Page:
Cabin rentals eyed in Lower Pack


The public hearing on the Peaceful Pines Cabins proposal starts at 5:30 p.m. at the Bonner County Administration Building.

Gary and Susan Hoesel are seeking permit approval for the cabins, the pavilion and office/store on a 7-acre parcel off Olympic Drive, which is also known as Olympic Way on some online map databases. The site is on a forested parcel west of the Idaho Club.

Cabin dimensions would range from 432-612 square feet, while the pavilion would measure 4,000 square feet, according to the permit application.

“The applicants have designed a facility to avoid adjoining properties. Vegetative buffers are retained to prevent accidental trespass,” the Hoesels said in a scoping document.

The number of people on the site will vary by season and event, although the developers say 40-50 people on average are expected. They also contend the traffic impacts will be lesser than the impacts of developing single-family homes on the site, according to project documents.

The project spurred no public comment at the time the Bonner County Planning Department staff report was prepared. The Panhandle Health District advised the county earlier this year that the agency conducted a speculative site evaluation to determine if the soil in the area was suitable for subsurface sewage disposal.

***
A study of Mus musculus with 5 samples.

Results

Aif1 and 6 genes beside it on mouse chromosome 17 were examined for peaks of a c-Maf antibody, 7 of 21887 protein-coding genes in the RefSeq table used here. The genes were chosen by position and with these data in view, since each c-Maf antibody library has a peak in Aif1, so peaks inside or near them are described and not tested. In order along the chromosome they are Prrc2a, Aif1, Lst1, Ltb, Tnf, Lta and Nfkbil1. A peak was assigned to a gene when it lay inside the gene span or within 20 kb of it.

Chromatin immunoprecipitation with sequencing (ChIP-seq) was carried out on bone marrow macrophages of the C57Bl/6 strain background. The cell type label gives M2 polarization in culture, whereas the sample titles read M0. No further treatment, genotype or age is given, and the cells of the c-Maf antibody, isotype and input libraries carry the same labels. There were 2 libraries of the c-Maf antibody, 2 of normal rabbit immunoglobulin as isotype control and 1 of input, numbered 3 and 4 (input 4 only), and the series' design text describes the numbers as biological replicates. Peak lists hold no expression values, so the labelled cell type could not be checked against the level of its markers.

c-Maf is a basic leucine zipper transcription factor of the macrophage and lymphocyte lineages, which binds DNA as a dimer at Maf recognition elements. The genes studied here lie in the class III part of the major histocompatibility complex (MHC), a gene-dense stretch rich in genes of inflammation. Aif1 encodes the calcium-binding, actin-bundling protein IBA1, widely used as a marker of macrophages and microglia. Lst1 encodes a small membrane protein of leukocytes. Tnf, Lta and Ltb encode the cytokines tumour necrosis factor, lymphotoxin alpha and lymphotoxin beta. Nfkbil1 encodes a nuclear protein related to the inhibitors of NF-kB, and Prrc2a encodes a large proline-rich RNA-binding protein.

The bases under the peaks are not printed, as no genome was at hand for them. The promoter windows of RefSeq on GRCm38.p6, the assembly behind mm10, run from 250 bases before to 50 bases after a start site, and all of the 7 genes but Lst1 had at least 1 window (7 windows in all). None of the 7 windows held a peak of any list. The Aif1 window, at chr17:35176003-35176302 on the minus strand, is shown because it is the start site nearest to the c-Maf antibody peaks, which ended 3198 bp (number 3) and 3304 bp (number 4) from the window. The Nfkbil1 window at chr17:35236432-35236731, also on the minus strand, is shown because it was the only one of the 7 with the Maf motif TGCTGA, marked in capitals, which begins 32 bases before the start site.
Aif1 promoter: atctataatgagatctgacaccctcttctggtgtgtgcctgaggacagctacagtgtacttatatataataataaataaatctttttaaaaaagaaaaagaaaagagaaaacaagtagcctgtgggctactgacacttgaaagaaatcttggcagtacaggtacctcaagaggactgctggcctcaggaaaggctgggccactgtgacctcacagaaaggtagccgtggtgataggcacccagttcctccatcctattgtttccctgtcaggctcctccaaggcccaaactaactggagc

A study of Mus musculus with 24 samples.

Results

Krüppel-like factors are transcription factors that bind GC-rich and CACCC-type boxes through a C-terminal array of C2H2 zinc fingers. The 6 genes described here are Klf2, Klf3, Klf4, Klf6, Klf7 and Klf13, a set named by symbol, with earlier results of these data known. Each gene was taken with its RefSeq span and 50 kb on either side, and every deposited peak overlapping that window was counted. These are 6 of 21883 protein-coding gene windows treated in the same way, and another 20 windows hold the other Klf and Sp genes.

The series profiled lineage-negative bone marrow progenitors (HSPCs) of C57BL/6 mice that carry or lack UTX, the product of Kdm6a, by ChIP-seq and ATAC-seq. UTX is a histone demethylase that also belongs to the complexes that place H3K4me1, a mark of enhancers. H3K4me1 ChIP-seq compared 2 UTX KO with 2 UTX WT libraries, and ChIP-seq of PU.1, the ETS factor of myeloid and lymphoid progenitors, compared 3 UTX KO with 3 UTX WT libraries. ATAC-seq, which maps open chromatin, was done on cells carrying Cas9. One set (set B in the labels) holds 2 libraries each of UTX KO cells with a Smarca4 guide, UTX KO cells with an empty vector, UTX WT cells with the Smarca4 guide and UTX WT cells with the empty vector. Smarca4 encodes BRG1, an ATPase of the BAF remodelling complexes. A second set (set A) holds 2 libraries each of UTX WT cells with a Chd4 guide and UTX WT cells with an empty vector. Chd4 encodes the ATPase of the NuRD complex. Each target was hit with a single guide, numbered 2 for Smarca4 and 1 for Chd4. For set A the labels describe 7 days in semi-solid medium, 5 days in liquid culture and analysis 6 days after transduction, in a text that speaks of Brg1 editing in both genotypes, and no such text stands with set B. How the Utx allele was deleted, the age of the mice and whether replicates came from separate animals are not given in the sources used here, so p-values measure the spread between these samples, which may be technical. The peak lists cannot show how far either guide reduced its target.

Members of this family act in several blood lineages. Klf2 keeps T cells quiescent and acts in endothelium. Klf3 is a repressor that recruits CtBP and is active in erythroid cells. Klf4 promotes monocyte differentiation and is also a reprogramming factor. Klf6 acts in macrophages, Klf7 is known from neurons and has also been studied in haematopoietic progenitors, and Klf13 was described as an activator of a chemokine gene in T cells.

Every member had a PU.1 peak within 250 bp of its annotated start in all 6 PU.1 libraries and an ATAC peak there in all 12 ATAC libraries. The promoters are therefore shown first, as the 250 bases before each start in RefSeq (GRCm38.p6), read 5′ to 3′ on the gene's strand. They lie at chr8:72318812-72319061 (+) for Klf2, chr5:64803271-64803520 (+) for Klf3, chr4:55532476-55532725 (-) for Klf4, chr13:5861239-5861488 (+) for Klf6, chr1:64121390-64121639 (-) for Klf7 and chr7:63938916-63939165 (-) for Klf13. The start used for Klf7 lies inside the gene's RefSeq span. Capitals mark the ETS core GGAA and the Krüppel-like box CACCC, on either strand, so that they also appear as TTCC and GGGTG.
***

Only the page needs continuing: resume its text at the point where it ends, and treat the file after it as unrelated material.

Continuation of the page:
“The soils in the very small and specific area were confirmed suitable, but this doesn’t confirm the project is suitable,” the district said in a Feb. 26 agency comment on the proposal.

The developers haven’t yet submitted a subsurface sewage disposal permit application.

“This is a very large project will require multiple agency reviews of engineered plans for the drainfield and collection system,” the health district said.

Panhandle Health said it will not issue a permit for sewage disposal permit until the Idaho Department of Environmental Quality reviews requirements for a large soil-absorption system and a nutrient-pathogen evaluation is conducted, the county staff report said.

If the project secures its various approvals, it is tracking toward a grand opening in the spring of 2020, project records state.

Keith Kinnaird can be reached by email at and follow him on Twitter @KeithDailyBee.